Published by the American Society of Agricultural and Biological Engineers, St. Joseph, Michigan www.asabe.org
Citation: 2016 10th International Drainage Symposium Conference, 6-9 September 2016, Minneapolis, Minnesota .(doi:10.13031/IDS.20162493034)
Authors: Kelly A. Nelson, Christopher J. Dudenhoeffer
Keywords: Drainage systems, soybean, subirrigation, yields.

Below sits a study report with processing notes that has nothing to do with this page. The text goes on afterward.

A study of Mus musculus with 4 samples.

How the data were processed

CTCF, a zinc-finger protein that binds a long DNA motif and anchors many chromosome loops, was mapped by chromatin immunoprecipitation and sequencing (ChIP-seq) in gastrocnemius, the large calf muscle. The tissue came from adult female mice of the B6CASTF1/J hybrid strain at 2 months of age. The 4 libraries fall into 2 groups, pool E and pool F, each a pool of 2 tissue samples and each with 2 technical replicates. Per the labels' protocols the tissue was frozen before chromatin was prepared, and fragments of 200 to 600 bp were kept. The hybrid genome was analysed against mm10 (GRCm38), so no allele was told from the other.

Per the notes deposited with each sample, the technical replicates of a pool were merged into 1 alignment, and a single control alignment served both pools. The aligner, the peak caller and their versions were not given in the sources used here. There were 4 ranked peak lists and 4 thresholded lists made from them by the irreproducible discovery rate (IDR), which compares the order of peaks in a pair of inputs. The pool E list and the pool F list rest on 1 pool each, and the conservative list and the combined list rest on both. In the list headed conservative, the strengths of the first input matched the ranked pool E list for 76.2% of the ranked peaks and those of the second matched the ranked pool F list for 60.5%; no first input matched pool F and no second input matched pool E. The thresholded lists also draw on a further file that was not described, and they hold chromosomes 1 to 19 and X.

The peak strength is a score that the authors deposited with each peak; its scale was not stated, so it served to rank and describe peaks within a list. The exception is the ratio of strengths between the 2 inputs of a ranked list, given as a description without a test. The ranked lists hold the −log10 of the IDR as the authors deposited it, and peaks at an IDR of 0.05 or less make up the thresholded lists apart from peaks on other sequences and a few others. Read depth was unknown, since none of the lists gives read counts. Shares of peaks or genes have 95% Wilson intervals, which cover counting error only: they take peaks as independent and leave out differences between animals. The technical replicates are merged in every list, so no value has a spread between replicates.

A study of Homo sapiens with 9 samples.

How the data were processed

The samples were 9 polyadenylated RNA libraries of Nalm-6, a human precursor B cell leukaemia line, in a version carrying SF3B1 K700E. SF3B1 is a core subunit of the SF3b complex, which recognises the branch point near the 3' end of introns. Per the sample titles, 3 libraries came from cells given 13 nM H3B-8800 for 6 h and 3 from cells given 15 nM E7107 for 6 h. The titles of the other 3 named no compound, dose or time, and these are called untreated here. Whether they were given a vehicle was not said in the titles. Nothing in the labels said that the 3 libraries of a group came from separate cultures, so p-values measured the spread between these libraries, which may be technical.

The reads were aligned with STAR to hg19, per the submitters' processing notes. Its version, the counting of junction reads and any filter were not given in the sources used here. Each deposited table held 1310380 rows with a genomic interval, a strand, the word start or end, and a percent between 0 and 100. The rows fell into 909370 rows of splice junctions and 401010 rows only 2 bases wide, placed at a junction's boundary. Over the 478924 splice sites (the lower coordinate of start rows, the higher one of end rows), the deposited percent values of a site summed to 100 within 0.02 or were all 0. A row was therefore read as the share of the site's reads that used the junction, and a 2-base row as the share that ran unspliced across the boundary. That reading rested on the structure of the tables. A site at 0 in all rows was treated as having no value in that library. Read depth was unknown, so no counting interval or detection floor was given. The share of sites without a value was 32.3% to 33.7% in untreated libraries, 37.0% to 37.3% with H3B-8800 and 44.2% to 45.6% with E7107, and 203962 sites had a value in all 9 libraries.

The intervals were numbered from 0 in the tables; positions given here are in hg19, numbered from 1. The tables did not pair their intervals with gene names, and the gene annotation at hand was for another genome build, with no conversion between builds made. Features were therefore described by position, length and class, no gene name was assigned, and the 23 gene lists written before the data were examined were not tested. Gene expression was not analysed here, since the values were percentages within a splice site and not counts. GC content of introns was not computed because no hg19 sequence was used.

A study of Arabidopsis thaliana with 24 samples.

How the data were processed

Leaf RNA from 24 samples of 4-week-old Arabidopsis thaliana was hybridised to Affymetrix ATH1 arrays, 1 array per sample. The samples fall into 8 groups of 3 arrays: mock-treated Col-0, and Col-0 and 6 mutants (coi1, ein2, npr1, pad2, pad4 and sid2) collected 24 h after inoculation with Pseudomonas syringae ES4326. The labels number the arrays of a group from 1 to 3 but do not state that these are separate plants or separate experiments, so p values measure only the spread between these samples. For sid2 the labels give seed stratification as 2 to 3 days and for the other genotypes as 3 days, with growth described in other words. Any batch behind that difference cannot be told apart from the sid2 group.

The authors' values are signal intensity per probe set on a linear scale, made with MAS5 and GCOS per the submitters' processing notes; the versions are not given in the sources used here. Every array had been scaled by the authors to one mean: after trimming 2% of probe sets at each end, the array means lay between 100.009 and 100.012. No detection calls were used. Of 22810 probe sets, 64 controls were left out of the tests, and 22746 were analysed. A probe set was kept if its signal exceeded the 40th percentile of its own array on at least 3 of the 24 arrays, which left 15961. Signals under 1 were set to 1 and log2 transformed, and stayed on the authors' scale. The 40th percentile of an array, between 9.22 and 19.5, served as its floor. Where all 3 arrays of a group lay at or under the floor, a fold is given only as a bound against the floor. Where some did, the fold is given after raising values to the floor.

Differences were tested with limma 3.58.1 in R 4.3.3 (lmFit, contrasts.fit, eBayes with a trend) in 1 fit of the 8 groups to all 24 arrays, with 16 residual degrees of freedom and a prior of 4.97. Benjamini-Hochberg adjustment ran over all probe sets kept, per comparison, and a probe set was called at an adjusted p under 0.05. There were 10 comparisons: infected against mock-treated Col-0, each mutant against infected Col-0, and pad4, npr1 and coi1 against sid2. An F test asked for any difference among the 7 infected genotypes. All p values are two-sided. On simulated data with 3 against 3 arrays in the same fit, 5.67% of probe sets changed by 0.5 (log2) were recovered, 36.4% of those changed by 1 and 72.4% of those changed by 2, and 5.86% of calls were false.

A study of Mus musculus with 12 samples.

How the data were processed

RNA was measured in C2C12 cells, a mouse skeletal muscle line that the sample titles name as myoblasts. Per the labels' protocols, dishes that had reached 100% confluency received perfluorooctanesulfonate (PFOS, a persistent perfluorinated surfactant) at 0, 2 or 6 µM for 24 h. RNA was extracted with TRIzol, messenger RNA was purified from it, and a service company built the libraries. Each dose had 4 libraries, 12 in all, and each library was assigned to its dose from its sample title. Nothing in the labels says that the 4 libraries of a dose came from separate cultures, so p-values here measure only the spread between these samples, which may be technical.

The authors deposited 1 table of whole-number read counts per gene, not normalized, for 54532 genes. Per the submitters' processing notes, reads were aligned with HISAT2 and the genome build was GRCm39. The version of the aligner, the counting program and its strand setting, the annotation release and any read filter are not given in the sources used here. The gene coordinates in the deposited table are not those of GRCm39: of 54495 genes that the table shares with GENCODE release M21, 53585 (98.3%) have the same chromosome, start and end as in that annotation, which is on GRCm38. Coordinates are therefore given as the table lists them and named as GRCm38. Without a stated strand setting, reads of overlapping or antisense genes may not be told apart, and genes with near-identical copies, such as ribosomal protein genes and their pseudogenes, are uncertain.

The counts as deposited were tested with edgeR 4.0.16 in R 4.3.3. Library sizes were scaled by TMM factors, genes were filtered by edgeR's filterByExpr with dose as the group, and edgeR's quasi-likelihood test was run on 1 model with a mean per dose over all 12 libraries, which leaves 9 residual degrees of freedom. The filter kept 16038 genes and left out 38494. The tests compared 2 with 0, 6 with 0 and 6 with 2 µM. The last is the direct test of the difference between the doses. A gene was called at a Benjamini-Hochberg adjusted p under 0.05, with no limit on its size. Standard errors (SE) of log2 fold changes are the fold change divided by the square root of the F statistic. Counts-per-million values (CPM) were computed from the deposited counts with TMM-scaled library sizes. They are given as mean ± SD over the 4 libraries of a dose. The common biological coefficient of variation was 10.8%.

Abstract. Claypan soils with less than one percent slope are poorly drained because of an argillic claypan layer 45 to 60 cm below the soil surface. Field research was conducted near Bethel, Missouri to evaluate soybean (Glycine max [L.] Merr.) grain yields and plant populations above tile lines and 3.05 m distances from the tile lines for laterals installed at 6.1 and 12.2 m drain tile spacings. Treatments included drainage only (DO) and drainage plus subirrigation (DSI) drain tile spacings (6.1 and 12.2 m) compared to non-drained (ND) and non-drained, delayed planting controls. The site was arranged as a split-plot design with four replications. In some years, sub-plots included multiple cultivars or fungicide/insecticide management systems. This resulted in 30 year-cultivar-management treatment comparisons from 2002 to 2015 that evaluated soybean response in low (< 3,360 kg/ha) and high (> 3,360 kg/ha) yield environments. DSI at a 6.1 m spacing yielded 20% greater than the ND control. Averaged over all of the 30 year-cultivar-management treatment comparisons, the highest yields (4,050 kg/ha) were observed above the 6.1 m DSI drainage tile line. In drought years (2005, 2007, 2011, 2012, and 2013), grain yields above the tile lines were 43% greater than 3.05 m from the tile line, but yields were 89% greater than the non-drained control. In high yielding environments, yields were greatest between the 6.1 or 12.2 m drain tile spacings. A narrower drain tile spacing may be needed to reduce yield variability in a claypan soil when yields are less than 3,360 kg/ha, but this was less evident in higher yielding environments.